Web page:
A new report has explored the appetite for edge cloud technologies in China – and has cited BaishanCloud as a leader amid overall encouraging signs.
The report from EqualOcean, an investment resource for Chinese tech businesses, argues that as the Covid-19 pandemic has contributed to an acceleration of Internet usage in China, this has translated to the ‘inspiration’ of the cloud industry and, further on, edge cloud.
By the end of last year, according to national IT think tank CNNIC, China had almost one billion (989m) Internet users, representing 70% of the country’s total population. This correlates to the predicted growth of the Chinese cloud market; from $225bn (£x) at the end of 2020, to $360bn by the end of 2023.
Infrastructure as a service (IaaS), is the dominant flavour of cloud computing in China – and of that, dominated by public cloud service providers. According to Synergy Research, China is one of the only markets not dominated by the global hyperscalers. Alibaba is the top vendor, ahead of Tencent and Baidu, with Alibaba in second place, behind Amazon Web Services (AWS), for the overall Asia Pacific region.
EqualOcean outlines the theory behind China’s growing ‘edge cloud’ ecosystem, with particular regard to the strength of CDNs and exponential growth of IoT devices:
“Edge computing is at an early development phase, and pioneers in the field are mostly found to be network service providers, along with CDN vendors,” EqualOcean wrote. “Thanks to their decentralised nature, CDN companies are inherently fitted to explore edge computing practice. In the US, leading CDN players such as Cloudflare and Fastly are in the front of the edge cloud business.”
The public cloud vendors in China have a strong position on CDN; Alibaba Cloud, Tencent and Huawei, alongside traditional CDN companies such as ChinaNetCenter. This influences the roadmap for edge, noted EqualOcean.
“While AI, IoT and industrial Internet started to be adopted in China, the change in business demand prompted the emergence of edge computing and cloud companies, as these began to shape their profiles in the field,” the company wrote.
“Currently, some take edge cloud as a nice-to-have business while others choose to go all-in,” EqualOcean added. “China’s public cloud market size has been scaling rapidly and public cloud providers focus on making the ‘cake’ bigger in order to get a mouthful slice.
“Although in an early stage of development and not yet the main revenue pillar, the edge cloud market is increasingly drawing the attention of big public cloud providers and top CDN vendors. It is being treated as an essential and integral part of their cloud strategies.”
The company analysed BaishanCloud (above), a company which describes itself as the ‘world’s leading edge-cloud platform service provider’ and which CDN Planet calls ‘one of the fastest growing companies in the CDN space.’ One customer of its edge cloud offering – a state-owned energy enterprise which owns ‘most of the electricity plants in China’ exemplified the shift.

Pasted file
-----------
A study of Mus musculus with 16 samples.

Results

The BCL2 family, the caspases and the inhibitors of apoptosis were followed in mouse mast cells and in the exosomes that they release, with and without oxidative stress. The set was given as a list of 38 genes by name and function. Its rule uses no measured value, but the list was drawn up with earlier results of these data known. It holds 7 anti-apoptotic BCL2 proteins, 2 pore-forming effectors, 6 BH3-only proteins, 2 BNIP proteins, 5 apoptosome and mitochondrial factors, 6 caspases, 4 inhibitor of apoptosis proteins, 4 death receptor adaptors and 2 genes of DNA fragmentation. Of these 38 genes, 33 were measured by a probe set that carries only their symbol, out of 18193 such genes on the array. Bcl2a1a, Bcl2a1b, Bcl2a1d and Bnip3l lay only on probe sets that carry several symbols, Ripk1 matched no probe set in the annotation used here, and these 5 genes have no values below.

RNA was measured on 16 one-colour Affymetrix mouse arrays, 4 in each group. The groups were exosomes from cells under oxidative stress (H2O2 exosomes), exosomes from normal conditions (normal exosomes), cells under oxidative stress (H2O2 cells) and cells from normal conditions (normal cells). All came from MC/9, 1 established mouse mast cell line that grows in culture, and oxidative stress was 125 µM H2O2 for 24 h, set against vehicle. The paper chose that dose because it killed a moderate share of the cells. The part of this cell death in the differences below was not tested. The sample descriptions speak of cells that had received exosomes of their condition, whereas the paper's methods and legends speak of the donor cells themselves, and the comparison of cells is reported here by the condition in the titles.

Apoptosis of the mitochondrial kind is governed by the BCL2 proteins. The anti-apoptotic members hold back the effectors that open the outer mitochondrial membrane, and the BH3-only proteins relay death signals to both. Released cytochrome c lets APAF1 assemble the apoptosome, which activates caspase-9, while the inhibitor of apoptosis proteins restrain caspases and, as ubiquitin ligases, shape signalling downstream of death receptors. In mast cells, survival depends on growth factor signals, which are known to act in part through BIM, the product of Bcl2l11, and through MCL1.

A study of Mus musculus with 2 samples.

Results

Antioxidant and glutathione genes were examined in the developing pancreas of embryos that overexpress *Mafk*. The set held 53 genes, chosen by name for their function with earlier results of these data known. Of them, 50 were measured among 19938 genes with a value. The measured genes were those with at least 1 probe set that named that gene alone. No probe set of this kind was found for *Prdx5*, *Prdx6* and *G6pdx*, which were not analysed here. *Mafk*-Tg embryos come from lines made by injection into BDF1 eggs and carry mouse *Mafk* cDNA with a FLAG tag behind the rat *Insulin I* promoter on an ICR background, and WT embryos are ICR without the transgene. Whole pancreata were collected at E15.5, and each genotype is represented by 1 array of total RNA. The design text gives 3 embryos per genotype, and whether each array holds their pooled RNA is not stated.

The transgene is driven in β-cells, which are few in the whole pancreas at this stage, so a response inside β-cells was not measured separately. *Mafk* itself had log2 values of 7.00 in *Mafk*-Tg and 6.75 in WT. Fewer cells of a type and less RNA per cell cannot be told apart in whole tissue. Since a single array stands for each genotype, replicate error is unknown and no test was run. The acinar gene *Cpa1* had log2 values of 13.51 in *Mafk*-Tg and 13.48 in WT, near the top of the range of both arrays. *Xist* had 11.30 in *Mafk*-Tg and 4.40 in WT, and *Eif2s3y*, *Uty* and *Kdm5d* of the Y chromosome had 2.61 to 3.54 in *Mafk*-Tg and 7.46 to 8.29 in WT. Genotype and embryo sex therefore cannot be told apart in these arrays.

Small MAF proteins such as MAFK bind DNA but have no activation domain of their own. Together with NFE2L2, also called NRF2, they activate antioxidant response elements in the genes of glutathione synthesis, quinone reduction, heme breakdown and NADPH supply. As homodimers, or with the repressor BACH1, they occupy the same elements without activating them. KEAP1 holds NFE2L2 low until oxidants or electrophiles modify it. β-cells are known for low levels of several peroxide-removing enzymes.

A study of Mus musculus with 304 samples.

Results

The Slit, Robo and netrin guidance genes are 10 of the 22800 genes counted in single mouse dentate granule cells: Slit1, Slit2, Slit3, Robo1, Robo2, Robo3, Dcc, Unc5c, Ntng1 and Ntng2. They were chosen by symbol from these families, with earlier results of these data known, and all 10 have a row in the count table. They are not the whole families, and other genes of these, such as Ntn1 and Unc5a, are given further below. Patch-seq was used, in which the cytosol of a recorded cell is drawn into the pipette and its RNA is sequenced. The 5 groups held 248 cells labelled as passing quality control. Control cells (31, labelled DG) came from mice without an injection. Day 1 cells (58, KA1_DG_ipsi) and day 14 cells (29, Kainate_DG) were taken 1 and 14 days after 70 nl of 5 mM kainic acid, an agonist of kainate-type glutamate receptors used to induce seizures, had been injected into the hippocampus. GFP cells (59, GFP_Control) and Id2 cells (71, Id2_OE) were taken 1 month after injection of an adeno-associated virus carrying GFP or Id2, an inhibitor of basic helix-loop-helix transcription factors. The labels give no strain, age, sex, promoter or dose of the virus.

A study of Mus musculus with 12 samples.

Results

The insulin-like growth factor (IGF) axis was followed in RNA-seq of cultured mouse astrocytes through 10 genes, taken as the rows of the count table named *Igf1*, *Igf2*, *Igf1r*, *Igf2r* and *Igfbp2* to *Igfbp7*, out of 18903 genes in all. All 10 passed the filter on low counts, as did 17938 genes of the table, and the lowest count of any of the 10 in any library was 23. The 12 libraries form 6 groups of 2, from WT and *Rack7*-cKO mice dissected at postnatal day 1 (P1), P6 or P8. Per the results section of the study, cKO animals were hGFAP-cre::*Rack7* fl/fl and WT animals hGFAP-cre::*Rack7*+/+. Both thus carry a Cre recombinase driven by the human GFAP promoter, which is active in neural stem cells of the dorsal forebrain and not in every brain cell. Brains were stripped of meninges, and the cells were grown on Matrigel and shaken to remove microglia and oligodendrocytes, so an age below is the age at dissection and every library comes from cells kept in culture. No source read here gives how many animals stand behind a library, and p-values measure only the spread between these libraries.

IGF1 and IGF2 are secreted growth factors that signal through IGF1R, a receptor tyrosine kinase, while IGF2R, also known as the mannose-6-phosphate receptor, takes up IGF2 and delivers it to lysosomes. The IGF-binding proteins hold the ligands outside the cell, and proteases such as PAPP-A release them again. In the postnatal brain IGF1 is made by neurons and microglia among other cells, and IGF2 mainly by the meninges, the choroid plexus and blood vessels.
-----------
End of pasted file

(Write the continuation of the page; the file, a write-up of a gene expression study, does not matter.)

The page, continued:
“Through full API integration across nationwide plants, the client’s data became consolidated and interoperable,” wrote EqualOcean. “Without replacing pre-existing systems, the edge services improved the compatibility within a hybrid IT environment. With BaishanCloud’s API-based iPaaS product at the edge, the client is now able to amalgamate data generated by heterogeneous systems into the central system to create business insights.”
The report presciently notes the convergence of emerging technologies and how edge computing will make them work better in concert. As IoT matures and 5G technologies develop – China is projected to deploy more than 7.6 million 5G base stations by the end of 2025 – more data will be generated at the edge. The improved latency and accessibility of edge workloads compared to the ‘legacy’ cloud, as this publication has variously explored, makes for a compelling case, the report argued. It can also ‘inspire more related innovations.’
With regard to China’s position compared to the rest of Asia Pacific in cloud, the investment may be there but the country performs poorly. The most recent report from the Asia Cloud Computing Association (ACCA), released last year, saw China retain its position of second-to-last out of 14 nations analysed, only ahead of Vietnam.
The ACCA report praised China for its progress in several categories over the most recent two years – most notably in connectivity, broadband quality and data centre risk – yet argued ‘important structural inadequacies’ remained in key areas such as cloud governance and regulation.
“The Chinese government pays close attention to cloud computing, not least to enhance public services efficiency and capability, and save administrative costs,” the report noted. “In this sense, it devotes considerable resources to the development and improvement of plans, programmes, projects, and frameworks aimed at strengthening the digital economy.”
ACCA noted part of the problem stemmed from varying degrees of digitailisation across provinces and sectors – an issue which similarly weighs India, another poor performer, down – as well as regulations and conflicts, notably with the United States.
Ultimately, EqualOcean cites BaishanCloud as a leader in the market right now. “Edge cloud services providers must consider thoroughly what clients need in the end-to-end service cycle: computing, security, interoperability, programmability, and more,” the company noted.
“The edge cloud market is almost a virgin land in China and the quality layout of its infrastructure services can spur more ideas and greater ambition in real practice.”